Property Fundamentals

The Role of Supply vs Demand


The Economic Principle

Supply vs demand is a basic economic principle that outlines that the quantity of a good varies inversely with its price. That is to say, as the supply of a product increases the demand for that product decreases. You can see this principle throughout everyday life during the transaction of any product or service. In an open market, when a good’s supply increases it means it becomes more readily available and thus loses its value due to its accessibility. Likewise, the short supply of an item will increase demand and thus raises its value. Notice the quantity of the good changed the supply vs demand. This can also take place when the quantity remains the same but the number of prospective buyers changes.

Supply vs Demand in Property

Within the property market, this principle is evident. As the supply vs demand for a property is what dictates price. In this case, supply refers to the number of properties on the market while demand encompasses the potential pool of property buyers. A market in which there is minimal supply will increase demand and subsequently see buyers pay more money to acquire a property. The same applies in the opposing circumstance, where a large supply with minimal demand will likely result in a price decline. Both metrics can be considered at each end of an economic lever where the equilibrium dictates a property’s value.

What Influences Supply vs Demand?

There is a range of variables that influence the supply vs demand of a property. With each component having a varying level of influence on the supply vs demand. From a demand point of view, things to consider would be the property’s affordability and desirability while interest rates and lending restrictions also have their impact. While supply is dictated by the number of available properties on the market with new builds adding to this pool of potential properties.


There are numerous variables that externally influence the supply vs demand of a property market. This is because the property market is not solely an “open market”. An open market is when there are no restrictions to buyers or sellers in the purchasing of goods. In the property market, there are numerous external variables that influence both the buyer and seller. This subsequently impacts the movement of property prices.

For example, during an economic downturn, the government utilises lower interest rates and looser lending restrictions to stimulate the economy and promote property transactions. Changes to interest rates influence property owners’ ability to hold onto a property. So reducing rates makes it more affordable for property buyers. A similar narrative takes place with lending restrictions. The easing of restrictions allows higher borrowing which influences the price people are willing to pay for a property. Subsequently, increased rates and tighter restrictions suppress buyers and their purchasing power. When each of these economic levers is pushed or pull we seen price expansion or contraction. Although, despite their impact, they provide the same levelled playing field for all buyers at any one given time.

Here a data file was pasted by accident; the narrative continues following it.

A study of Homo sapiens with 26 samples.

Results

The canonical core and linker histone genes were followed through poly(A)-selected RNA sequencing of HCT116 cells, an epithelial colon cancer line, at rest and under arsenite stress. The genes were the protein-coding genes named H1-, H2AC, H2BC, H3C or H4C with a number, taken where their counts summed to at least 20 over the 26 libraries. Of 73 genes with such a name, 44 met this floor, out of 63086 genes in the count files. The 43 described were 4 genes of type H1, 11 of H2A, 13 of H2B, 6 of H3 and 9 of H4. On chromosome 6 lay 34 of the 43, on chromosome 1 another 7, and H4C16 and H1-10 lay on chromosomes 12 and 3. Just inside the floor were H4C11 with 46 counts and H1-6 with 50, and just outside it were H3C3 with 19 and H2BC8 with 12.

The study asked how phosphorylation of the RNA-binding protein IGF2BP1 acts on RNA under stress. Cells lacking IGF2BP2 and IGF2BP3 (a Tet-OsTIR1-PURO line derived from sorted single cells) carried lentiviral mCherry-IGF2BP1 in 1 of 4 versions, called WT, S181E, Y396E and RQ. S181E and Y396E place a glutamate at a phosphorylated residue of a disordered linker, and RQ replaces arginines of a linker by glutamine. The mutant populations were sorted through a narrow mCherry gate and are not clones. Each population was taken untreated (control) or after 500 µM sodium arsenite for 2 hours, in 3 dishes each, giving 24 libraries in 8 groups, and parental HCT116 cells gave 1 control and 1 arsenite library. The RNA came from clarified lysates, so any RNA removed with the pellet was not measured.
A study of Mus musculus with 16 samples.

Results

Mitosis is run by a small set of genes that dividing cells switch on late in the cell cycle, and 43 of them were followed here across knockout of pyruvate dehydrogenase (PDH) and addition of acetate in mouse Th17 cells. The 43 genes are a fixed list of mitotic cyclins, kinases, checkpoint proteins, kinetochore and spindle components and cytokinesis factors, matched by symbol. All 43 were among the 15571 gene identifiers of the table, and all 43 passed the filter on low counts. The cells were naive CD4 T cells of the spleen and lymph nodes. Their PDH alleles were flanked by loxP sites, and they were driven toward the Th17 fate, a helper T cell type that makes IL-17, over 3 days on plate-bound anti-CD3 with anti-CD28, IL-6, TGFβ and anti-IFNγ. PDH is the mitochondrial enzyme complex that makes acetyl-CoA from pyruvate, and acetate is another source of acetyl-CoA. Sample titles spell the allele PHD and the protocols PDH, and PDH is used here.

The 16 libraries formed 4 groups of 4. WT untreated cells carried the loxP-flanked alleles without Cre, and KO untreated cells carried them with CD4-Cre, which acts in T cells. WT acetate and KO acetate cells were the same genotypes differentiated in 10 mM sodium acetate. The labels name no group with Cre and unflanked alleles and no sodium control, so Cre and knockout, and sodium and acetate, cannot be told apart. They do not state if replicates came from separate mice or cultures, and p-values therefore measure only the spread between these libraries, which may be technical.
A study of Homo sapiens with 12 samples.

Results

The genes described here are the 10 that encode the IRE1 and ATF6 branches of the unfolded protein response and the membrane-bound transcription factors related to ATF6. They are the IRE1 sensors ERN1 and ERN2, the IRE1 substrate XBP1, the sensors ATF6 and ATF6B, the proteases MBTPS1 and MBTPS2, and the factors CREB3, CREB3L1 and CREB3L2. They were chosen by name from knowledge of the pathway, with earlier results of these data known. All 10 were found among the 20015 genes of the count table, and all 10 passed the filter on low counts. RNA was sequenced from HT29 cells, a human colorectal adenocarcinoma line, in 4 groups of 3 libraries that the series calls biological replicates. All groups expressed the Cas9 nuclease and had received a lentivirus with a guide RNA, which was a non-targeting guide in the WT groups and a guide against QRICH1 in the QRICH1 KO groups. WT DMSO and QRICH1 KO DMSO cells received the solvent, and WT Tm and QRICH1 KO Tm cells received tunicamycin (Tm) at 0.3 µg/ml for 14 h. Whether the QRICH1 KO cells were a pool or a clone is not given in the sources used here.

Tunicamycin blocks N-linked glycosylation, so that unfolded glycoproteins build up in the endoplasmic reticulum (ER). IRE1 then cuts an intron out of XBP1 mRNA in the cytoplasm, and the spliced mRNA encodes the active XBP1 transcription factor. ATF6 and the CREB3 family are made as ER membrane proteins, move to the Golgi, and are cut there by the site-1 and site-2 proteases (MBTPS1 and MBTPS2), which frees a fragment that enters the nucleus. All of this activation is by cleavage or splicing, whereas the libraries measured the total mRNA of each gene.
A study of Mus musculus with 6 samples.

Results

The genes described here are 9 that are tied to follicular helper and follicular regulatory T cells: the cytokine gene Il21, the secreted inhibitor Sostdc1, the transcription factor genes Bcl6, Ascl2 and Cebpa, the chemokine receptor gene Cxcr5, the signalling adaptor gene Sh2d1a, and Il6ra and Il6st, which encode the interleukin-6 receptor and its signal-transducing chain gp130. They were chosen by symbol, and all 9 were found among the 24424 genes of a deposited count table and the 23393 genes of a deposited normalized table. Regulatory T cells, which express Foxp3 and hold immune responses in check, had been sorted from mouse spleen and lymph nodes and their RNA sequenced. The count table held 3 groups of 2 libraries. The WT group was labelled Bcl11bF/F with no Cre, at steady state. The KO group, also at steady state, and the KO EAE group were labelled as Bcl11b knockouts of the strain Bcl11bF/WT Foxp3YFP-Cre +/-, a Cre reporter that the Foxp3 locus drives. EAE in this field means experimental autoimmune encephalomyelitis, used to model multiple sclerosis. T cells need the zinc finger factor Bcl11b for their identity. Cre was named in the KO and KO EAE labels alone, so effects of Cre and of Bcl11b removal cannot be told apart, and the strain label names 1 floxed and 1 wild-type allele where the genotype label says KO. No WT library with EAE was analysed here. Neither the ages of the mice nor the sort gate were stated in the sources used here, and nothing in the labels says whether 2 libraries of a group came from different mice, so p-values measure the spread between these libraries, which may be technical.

Likewise, there are also internal influences that influence the demand for a property. The affordability of a suburb influences whether the price of properties is seen as under or overvalued. If a suburb is undervalued compared to its neighbouring suburbs buyers may choose to purchase, there instead. This is known as the “ripple effect” where buyers see greater value in cheaper suburbs if they provide more affordability. This may be why we don’t see huge discrepancies in prices across surrounding suburbs. Of course, price values are varied between suburbs but it would be highly unlikely to see an area where it is half the price of its neighbour. This may also be why historically we have seen property prices move back towards the national average growth rate. As affordability dictates the growth potential of a suburb and can even promote property prices in undesirable areas.

The desirability of a location drives people to want to live or invest in an area. This can include things like distance to key infrastructure and lifestyle. The perception of an area creates stigmas that influence an individual’s willingness to purchase within an area. The desirability across different locations influences the demand for property in that area. More affluent areas that have greater amenities and lifestyle factors become more desirable. This influences the market’s perception and drives demand, particularly for owner-occupiers.

How to Determine a Location’s Demand?

Without knowing the weight to which each variable influences supply vs demand, how can the demand of a property be identified? There are multiple tools that you can use to research and determine the supply vs demand of a suburb. These tools are extremely useful as they help to paint the picture of that area and give the buyer a greater understanding of what is happening in the market.

Note, supply vs demand changes from suburb to suburb. Just because there is one suburb that may have a high demand does not mean the suburb next to it demonstrates the same interest. Nor does one type of property reflect the same demand for all types of properties. Desirability, affordability, and density may dictate which asset type is preferred in certain locations.

The Verdict

Supply vs demand is a key indicator in determining the property price in any given market. The property market utilises this concept to dictate price. When researching a particular area or suburb it is important to identify the supply vs demand for a particular property. In doing so an investor can put themselves in the best position to purchase a quality investment.

Want to see other examples of significant property growth elsewhere in Australia?